Around August, 1519, the conquistador Hernán Cortés went to the city of Cempoala to talk to his native allies about a fateful mission he was envisioning—to seek out the Aztec leader, Montezuma II. Giving the Spaniards a course in regional politics, the Cempoalans (who had been brought into rebellion against Montezuma by Cortés) suggested that the Spaniards enlist the aid of the Tlascalans, perhaps Montezuma’s greatest native foe at the time. Eager to start his journey, Hernan Cortés deputized a man named Juan Escalante to look after their newfound colony of Vera Cruz during his absence. With his intel gathered and his forces mustered, Cortés was ready to begin a new phase of his expedition. Yet, before he could set off, a message arrived from Vera Cruz with troubling information. A European ship had sailed past the colony, and despite the inhabitants of Vera Cruz making smoke signals, and waving red cloaks in the air to catch the attention of the ship, the sailors onboard pretended not to see them and refused to enter the colony’s harbor, instead dropping anchor at a location several miles away.
It was all bad news for Cortés. Various thoughts must have run through his head. Did the ship belong to a rival colonial power? Was it a crew of pirates or outlaws? Cortés did not have any reinforcements scheduled—in fact the governor he worked for wanted him arrested.
In response to the message, Cortés gathered around fifty of his swiftest men, leaving the rest behind in Cempoala, and quickly marched back to Vera Cruz, reaching the colony around nightfall. Upon arrival, there was little rest and no food for the weary travelers, as Cortés almost immediately set off with the same band of fifty men, this time heading for where the mysterious ship had anchored. While they marched, they happened to encounter four scouts who had been dropped off by the ship—these men, they found out, were not pirates, and neither were the scouts from rival kingdoms or empires. Instead, they were fellow Spanish explorers, sent to claim land in Mexico for the Spanish crown on behalf of the governor of Jamaica, Francisco de Garay. Despite them being on the same team, as it were, Hernán Cortés looked upon this new ship of Spaniards with hostility.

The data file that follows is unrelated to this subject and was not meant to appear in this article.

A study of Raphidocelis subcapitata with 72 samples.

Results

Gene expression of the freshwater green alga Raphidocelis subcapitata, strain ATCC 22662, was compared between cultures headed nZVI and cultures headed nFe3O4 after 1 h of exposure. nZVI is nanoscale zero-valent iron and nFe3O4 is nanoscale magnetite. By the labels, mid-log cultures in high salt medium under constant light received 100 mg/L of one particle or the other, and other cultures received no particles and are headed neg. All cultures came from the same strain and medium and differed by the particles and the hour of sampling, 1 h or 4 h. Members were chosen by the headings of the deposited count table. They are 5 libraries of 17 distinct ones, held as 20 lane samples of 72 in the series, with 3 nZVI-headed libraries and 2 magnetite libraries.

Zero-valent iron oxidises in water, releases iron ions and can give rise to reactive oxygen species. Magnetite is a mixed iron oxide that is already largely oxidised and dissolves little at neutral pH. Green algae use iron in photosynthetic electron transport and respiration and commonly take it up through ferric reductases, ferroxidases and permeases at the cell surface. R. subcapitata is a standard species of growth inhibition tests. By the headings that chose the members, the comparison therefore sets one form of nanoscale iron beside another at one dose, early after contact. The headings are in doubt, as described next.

Cortés’s motivations in Mexico may have been for country and currency, but there was one more word beginning with ‘C’ that he likely prioritized before the rest—Cortés. This was his turf and he already did not want to share it with his boss in Cuba, much less the governor of Jamaica. Hernán Cortés arrested the four scouts and continued marching to where the rival ship was sighted.
Cortés eventually decided that his best course of action was to seize the ship. He brought the captured Spaniards to their rendezvous point and pressured them to signal their comrades on the ship to row ashore. The sailors, however, had seen Cortés’ forces, and wisely ignored the signals.
His first plan thwarted, Cortés masterminded a more subtle plot. He commandeered the clothes of his four prisoners and dressed four of his own men of similar sizes in the captives’ clothing. These disguised conquistadors were left at the rendezvous point, while Cortés led the rest of his band along the coastline back toward Vera Cruz, letting the sailors see their departure. As soon as Cortés was out of sight of the ship, however, he quickly marched his force back to a forested area near the men he had left behind, and he set up an ambush for the rival Spaniards. Bernal Díaz del Castillo, who was present for this subterfuge, wrote down his experiences during that odd night and morning:
“So four of our men remained behind dressed in the prisoners’ clothes, and the rest of us with Cortes hid in a wood till after midnight, when the moon had set and it was dark enough for us to creep down to the mouth of the creek. Here we concealed ourselves again, leaving only the four soldiers to be seen; and when dawn broke these four began to wave their cloaks at the ship, from which a boat with six sailors quickly put off. Two of these sailors jumped ashore to fill two pitchers with water, and we who were with Cortes remained in hiding, waiting for the others to land. However they stayed in the boat, and our four men who were disguised kept their faces hidden and pretended to be washing their hands. Then the crew of the boat shouted: ‘Come on board. What are you doing there? Why don’t you come?’ Then one of our men called back: ‘Come on shore, you’ll find there’s a well.’ As they did not recognize his voice the men in the boat rowed away, and though we went on calling no one answered us. We wanted to shoot at them with our muskets and crossbows, but Cortes would not let us” (The Conquest of New Spain, chapter 60).
As the rowboat escaped to the ship, Cortés awkwardly launched his trap and captured the two men who had come ashore to gather water. After spending the entire night on the coast without food, he had managed to only capture six of the rival explorers, and the ship was able to sail away. Hernán Cortés brought his prisoners back to Vera Cruz, and Francisco de Garay would continue to be a political rival in the region for years to come.
Written by C. Keith Hansley.
Picture Attribution: (night scene of the Hernan Cortes expedition, illustrated by Margaret Duncan Coxhead (c. 1909), [Public Domain] via Creative Commons).
- The Conquest of New Spain by Bernal Díaz, translated by J. M. Cohen. New York: Penguin Books, 1963.